Korean Air found itself in the spotlight this week when the chairman’s daughter, an executive at the carrier, forced a crew member to leave the plane after she was served snack nuts improperly.
The incident highlighted broader concerns about the sense of entitlement among the moneyed elite in South Korea. The country’s economy is dominated by family-controlled conglomerates known as chaebol, in which family members wield great influence in the companies.
Here’s a look at two members of the Cho family behind Korean Air Lines Co., the country’s largest airline:
Cho Yang-ho: Korean Air’s chairman and CEO and son of the company’s founder. Cho is also chairman and CEO of the Hanjin Group, a global transportation conglomerate of 48 companies that includes the airline. He was also recently named chairman and CEO of Hanjin Shipping, a global shipping and logistics company.
He was convicted of tax evasion in 2000, facing charges with his father and brother. The Chos were charged with receiving millions in rebates when they purchased airplanes from Boeing and Airbus and evading taxes on the money. The tax probe came after the country’s president criticized Korean Air’s poor safety record. Cho is also highly involved in the PyeongChang 2018 Olympic winter games, heading up the bid committee and now organizing committee. Cho is also co-chairman of the Korea-U.S. Business Council and vice chairman of the Federation of Korean Industries.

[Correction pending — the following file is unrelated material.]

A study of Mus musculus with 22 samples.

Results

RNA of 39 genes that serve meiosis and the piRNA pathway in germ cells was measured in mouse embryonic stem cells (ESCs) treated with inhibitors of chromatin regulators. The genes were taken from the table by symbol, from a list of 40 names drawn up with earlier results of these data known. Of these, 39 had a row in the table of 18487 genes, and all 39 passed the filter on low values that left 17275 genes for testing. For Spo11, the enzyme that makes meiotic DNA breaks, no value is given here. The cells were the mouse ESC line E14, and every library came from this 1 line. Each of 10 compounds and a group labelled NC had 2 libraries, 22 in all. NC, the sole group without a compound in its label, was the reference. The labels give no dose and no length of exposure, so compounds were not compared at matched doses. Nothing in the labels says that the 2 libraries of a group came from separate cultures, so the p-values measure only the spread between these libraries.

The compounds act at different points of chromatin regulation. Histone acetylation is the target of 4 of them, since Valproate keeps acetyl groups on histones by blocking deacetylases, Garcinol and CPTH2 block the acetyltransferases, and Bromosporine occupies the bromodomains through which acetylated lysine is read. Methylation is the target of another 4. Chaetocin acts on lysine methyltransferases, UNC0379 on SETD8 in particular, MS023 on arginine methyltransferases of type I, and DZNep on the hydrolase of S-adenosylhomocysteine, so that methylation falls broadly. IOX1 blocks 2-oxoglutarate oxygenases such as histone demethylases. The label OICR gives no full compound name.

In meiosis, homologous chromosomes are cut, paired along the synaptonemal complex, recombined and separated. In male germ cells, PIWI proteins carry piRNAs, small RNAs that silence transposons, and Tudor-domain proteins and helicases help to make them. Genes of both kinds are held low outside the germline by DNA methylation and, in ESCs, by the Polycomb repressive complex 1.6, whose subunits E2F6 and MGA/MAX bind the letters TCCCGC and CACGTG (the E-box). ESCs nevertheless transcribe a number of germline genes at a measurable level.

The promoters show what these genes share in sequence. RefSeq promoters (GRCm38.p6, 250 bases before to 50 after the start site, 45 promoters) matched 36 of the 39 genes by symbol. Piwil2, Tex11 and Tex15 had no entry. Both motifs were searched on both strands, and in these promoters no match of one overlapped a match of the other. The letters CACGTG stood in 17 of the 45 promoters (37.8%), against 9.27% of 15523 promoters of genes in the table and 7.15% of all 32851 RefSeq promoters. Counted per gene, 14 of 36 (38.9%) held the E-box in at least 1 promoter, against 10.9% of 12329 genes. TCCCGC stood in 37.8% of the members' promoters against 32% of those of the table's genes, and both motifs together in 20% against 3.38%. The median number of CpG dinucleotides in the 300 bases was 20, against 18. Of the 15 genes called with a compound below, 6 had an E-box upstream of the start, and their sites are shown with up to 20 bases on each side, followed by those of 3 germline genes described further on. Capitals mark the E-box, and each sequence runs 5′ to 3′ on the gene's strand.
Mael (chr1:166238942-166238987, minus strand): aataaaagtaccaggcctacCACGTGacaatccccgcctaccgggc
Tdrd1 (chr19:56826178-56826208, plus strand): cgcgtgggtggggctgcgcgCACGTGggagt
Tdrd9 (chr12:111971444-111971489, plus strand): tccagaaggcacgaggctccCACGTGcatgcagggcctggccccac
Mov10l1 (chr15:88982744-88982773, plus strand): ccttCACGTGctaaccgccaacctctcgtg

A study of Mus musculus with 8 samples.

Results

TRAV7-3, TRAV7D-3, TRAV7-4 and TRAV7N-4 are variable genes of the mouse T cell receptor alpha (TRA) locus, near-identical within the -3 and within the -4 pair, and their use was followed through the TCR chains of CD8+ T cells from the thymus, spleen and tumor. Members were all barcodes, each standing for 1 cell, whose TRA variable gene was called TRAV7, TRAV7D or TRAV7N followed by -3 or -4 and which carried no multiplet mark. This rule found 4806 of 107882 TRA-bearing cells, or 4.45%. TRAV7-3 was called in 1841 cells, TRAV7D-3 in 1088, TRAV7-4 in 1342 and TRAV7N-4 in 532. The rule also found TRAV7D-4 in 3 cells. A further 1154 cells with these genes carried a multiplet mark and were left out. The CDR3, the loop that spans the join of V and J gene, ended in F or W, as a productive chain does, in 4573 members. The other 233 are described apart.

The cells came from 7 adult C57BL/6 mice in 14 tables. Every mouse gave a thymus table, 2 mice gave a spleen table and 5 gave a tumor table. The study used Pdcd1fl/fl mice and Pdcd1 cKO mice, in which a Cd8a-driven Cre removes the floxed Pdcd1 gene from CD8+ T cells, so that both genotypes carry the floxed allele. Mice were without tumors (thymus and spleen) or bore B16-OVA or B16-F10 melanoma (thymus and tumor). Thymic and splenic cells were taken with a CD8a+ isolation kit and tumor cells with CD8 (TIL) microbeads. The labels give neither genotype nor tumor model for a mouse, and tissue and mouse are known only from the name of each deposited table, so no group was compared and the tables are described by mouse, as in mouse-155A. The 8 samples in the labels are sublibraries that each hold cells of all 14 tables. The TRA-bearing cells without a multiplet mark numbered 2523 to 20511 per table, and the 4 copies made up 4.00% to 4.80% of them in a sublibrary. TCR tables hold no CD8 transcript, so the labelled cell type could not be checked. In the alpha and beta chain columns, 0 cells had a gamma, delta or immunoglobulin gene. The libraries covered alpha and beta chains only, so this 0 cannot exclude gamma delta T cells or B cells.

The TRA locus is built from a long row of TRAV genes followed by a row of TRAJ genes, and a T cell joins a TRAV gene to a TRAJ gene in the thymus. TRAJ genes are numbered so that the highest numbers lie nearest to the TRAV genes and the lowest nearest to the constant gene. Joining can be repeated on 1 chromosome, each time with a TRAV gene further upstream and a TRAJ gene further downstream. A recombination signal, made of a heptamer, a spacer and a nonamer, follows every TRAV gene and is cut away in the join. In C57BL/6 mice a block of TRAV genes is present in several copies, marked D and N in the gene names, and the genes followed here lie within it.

Cho Hyun-ah: The daughter of the chairman, former executive vice president of Korean Air and star of the snack dispute.
Cho, 40, is the oldest child of Cho Yang-ho. Her two siblings are also leaders at the company.
According to her biography on Nanyang Technological University’s website, she joined Korean Air in 1999 and managed the catering and in-flight sales business, cabin service and hotel business divisions for the company. Also known as Heather Cho, she is the CEO of KAL Hotel Network, an affiliate of Korean Air. According to the biography, she is a graduate of the Cornell University School of Hotel Administration and holds an MBA from the University of Southern California.
Cho resigned from her role at Korean Air Tuesday amid a storm of public criticism over her actions. The airline had earlier excused her behavior even as it apologized for inconveniencing passengers. She could face legal action if a probe shows that she interrupted the flight or endangered safety by using threats, her status or violence.